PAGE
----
Robert Glenn ’72 — A Keeper of African Tribal History

Today, Robert and Gayle live in Goodyear, Arizona, and while Robert might be retired, he continues to coach track and field at Estrella Foothills High School. His passion for the sport stems back to his own time as a student-athlete as a member of the track and field and cross country teams at The University of Olivet. In fact, Robert was the captain of the 1971 and 1972 track and field teams and a previous record holder in the 440 and one-mile relays, as well as the 440 dash. He was even named to the All-MIAA Track and Field Team in 1971.
“I was born, raised and educated in Detroit, and I attended Detroit Public Schools,” Robert said. “I chose Olivet because my high school adviser suggested that I might like a small college with a family-type atmosphere rather than going to a larger university where I would just be a number. I will always be appreciative of my coaches, teachers and friends. The late coach Gary Morrison, Stu Parsell and Joe Rogers all had a great role in my development as a person.
“I also met my best friend and then-future wife Gayle (Jakubos) Glenn at The University of Olivet. We were married as students at Olivet, and we have been together now for 51 years. We have two daughters, three grandsons and three great-grandchildren.”
Robert studied social studies with a minor in physical education, and he pursued his secondary teaching certification. He retired after serving 35 years as a teacher, coach and administrator for Detroit Public Schools. In retirement, Robert remained active as a coach, a track and field official and a high school track meet organizer.
In his free time, Robert’s interest in African tribal art also grew. He started collecting in 1989 with his first purchase of an Ashanti stool from Ghana. Robert initially began collecting as a distributor with the intent to resell the pieces. He quickly realized that it was difficult to part with many of the items, and he shifted his focus to personally collecting.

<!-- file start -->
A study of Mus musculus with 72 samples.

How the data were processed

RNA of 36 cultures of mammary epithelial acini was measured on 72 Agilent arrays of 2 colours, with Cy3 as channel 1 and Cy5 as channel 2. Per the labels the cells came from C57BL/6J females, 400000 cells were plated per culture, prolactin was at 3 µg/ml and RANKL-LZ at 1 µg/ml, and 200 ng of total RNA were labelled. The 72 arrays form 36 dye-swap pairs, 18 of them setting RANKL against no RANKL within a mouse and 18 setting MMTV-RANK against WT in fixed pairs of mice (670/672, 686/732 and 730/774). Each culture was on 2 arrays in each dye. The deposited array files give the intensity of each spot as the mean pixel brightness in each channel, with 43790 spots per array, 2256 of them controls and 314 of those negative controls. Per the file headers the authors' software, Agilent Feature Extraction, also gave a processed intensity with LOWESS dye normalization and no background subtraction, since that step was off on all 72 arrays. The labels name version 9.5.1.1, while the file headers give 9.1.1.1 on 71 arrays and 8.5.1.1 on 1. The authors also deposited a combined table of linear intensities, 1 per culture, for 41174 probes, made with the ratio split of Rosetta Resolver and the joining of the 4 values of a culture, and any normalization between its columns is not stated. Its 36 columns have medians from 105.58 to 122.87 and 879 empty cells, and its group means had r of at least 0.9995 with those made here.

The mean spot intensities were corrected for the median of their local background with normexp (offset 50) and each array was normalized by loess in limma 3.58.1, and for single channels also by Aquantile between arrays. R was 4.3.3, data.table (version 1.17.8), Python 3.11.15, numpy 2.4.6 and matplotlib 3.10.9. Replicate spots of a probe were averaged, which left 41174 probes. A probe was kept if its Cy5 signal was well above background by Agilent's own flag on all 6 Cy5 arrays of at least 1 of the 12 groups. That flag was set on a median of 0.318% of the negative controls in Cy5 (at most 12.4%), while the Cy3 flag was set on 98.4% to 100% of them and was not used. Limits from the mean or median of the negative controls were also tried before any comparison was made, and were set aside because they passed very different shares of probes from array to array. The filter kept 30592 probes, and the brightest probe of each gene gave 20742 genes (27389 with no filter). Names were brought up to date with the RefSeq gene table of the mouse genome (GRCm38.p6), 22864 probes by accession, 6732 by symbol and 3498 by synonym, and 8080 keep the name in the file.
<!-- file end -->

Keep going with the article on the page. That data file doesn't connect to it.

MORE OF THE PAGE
Robert’s favorite piece, Chokwe figure of the ruler Mwanangana.

“I collect African tribal artifacts because each piece that I obtain has its own history, and I enjoy researching the history,” Robert said. “My favorite piece might be the Chokwe figure of the ruler Mwanangana. He holds a staff that contains a substance that channels the supernatural to assist in the hunt for food.”
In 2010, Robert even became a certified African artifacts appraiser. He now has over 300 wooden, bronze and terracotta artifacts in his collection.
“Items from my collection have been on display at The University of Olivet, the Charles H. Wright Museum in Detroit and the West Valley Museum here in Arizona,” Robert said. “When collecting African tribal art, there are several questions I ask myself: who made it, who owned it, how did they use it, what does it represent or mean and when was it used? African tribal art is almost never meant to beautify or decorate. It is used for tribal worship, rituals, magic and communicating with the supernatural.
“I have no immediate plans to stop collecting objects because, like all Olivet students, I live to learn, and I guess you can call me the keeper of the pieces. The world of African tribal art is a world of content and form. My objects bring the significance and perfection of that world a little closer to us all.”
Learn more about The University of Olivet at www.olivetcollege.edu.